Leaders of 2 Koreas Meet at Border

  • By Lim Min-hyuk

    April 27, 2018 09:36

    North Korean leader Kim Jong-un walked across the heavily armed border at 9:30 a.m. Friday morning for a historic meeting with President Moon Jae-in in the truce village of Panmunjom.

    Smiling broadly, they shook hands across border and posed together for the camera in turn on each side of the military demarcation line. They inspected a South Korean honor guard and moved on to the Peace House. Before vanishing into a meeting room, Kim signed a visitor's book saying, "A new history starts now. In an era of peace, at the starting point of history."

    The two leaders are expected to announce a joint statement around 6:30 p.m. This is only the third summit between leaders of the two Koreas. President Kim Dae-jung met with North Korean leader Kim Jong-il in 2000 and President Roh Moo-hyun also met Kim in 2007. But this is the first time that a North Korean leader has crossed the border and set foot on South Korean soil.

    President Moon Jae-in (left) and North Korean leader Kim Jong-un pose in front of the Peace House in the truce village of Panmunjom on Friday. /Newsis

    Top of the agenda is the denuclearization of North Korea, and the two leaders will work out their final joint statement on the question at the summit itself, while the rest has been hammered out in advance.

    South Korea does not expect a massive breakthrough. Cheong Wa Dae Chief of Staff Im Jong-seok, who is in charge of preparing for the summit, told reporters on Thursday, "The summit would be a success if we could stipulate North Korea's clear willingness to scrap its nuclear weapons and accurately confirm that this means complete denuclearization on the Korean Peninsula."

    If that can be achieved, it will lay the groundwork for a summit between Kim and U.S. President Donald Trump in late May or June.

    The White House said Wednesday that it will keep pressuring North Korea until it takes "concrete steps toward denuclearization." If the inter-Korean summit fails to elicit some kind of commitment by the North to scrap its nuclear weapons, Moon could face criticism for giving Kim some much-needed breathing space as international sanctions are intensifying.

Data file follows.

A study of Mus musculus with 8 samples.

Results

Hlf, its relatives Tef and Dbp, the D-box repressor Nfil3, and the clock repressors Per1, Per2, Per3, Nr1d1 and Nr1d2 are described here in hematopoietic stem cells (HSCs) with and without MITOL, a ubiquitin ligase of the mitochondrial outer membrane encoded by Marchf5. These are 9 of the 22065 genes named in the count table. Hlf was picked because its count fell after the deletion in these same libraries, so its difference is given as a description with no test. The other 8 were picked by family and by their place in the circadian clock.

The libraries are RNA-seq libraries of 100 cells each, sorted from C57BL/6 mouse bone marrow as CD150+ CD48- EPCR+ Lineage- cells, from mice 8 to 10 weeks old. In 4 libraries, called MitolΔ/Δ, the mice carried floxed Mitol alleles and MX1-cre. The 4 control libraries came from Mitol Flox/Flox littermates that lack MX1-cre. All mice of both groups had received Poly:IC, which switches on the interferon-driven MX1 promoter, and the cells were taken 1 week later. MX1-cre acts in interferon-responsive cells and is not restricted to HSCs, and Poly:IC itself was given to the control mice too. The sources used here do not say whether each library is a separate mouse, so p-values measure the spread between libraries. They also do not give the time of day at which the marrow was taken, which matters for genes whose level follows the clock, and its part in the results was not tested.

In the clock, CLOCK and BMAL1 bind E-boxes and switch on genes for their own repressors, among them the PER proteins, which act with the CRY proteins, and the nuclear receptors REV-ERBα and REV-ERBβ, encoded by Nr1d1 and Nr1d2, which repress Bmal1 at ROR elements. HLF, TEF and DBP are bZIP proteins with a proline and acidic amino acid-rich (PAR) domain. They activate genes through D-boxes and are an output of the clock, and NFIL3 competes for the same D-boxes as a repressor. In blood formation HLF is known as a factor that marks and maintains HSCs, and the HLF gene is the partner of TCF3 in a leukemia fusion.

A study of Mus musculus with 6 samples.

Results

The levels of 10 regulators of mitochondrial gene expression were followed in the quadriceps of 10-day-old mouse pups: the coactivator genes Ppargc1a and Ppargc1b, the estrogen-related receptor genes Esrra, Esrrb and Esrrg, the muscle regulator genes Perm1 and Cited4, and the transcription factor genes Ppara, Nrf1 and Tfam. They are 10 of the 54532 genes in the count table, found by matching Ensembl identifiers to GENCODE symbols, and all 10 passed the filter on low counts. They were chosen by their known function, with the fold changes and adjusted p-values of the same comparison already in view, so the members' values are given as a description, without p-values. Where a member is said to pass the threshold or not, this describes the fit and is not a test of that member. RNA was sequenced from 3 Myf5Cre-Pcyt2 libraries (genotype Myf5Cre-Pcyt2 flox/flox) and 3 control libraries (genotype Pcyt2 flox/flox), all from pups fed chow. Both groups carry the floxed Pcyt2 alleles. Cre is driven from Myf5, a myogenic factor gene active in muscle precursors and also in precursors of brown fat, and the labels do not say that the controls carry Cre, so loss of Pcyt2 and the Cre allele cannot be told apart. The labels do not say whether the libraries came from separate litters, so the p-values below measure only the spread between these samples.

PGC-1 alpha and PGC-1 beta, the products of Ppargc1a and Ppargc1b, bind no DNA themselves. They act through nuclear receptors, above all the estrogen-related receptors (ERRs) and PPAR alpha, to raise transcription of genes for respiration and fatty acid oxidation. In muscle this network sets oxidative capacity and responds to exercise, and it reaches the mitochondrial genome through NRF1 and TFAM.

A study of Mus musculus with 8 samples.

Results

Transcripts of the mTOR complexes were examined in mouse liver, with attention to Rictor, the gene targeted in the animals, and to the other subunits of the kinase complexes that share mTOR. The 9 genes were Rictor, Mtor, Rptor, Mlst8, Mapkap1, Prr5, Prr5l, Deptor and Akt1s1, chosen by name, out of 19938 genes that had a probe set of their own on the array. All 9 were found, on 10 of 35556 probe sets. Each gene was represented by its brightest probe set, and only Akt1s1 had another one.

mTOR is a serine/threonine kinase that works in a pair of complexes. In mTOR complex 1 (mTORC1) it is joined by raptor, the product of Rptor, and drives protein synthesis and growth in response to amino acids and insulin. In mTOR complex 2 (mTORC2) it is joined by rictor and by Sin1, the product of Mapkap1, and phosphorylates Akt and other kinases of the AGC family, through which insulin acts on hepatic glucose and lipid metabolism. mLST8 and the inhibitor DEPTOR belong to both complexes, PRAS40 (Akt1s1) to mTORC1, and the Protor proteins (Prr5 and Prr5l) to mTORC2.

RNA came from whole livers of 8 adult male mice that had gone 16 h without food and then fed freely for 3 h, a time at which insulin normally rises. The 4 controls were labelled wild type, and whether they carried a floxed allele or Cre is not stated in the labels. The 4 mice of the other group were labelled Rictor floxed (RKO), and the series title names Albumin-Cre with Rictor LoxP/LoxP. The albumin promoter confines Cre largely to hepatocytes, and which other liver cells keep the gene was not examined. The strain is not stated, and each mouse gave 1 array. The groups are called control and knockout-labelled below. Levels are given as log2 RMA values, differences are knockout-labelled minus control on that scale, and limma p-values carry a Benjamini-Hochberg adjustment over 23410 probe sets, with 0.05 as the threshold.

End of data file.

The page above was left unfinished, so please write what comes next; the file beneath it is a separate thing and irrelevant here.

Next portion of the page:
President Moon Jae-in (right) and North Korean leader Kim Jong-un walk together in the truce village of Panmunjom on Friday.

    The two leaders started their talks at 10:15 a.m., 15 minutes earlier than planned, and will break for lunch and continue talking in the afternoon.

    They exchanged brief opening remarks in front of the cameras before closing the doors. "It has taken 11 years for this to happen," Kim said. "Walking here I wondered why it has taken so long… Through today's meeting, I hope we won't go back to square one again and non-implementation of what we agree won't happen again."

    A government source said the lunch break gave participants time to "reflect on the contents and come up with responses."

    The two leaders will also plant a pine tree in the afternoon. Im said the tree "symbolized peace and prosperity" and will be planted on the military demarcation line, "which had symbolized division and confrontation."

    It will be planted on a route taken by Hyundai Group founder Chung Ju-yung when he drove a herd of cattle back to his ancestral home in North Korea. The two leaders willl then go for a walk before continuing with the afternoon session.

    At 6:30 p.m., the two leaders will sit down to dinner together, eating dishes that reflect their personal histories like rösti from Switzerland, where Kim went to school, and fish from Moon's hometown of Busan, before the summit ends.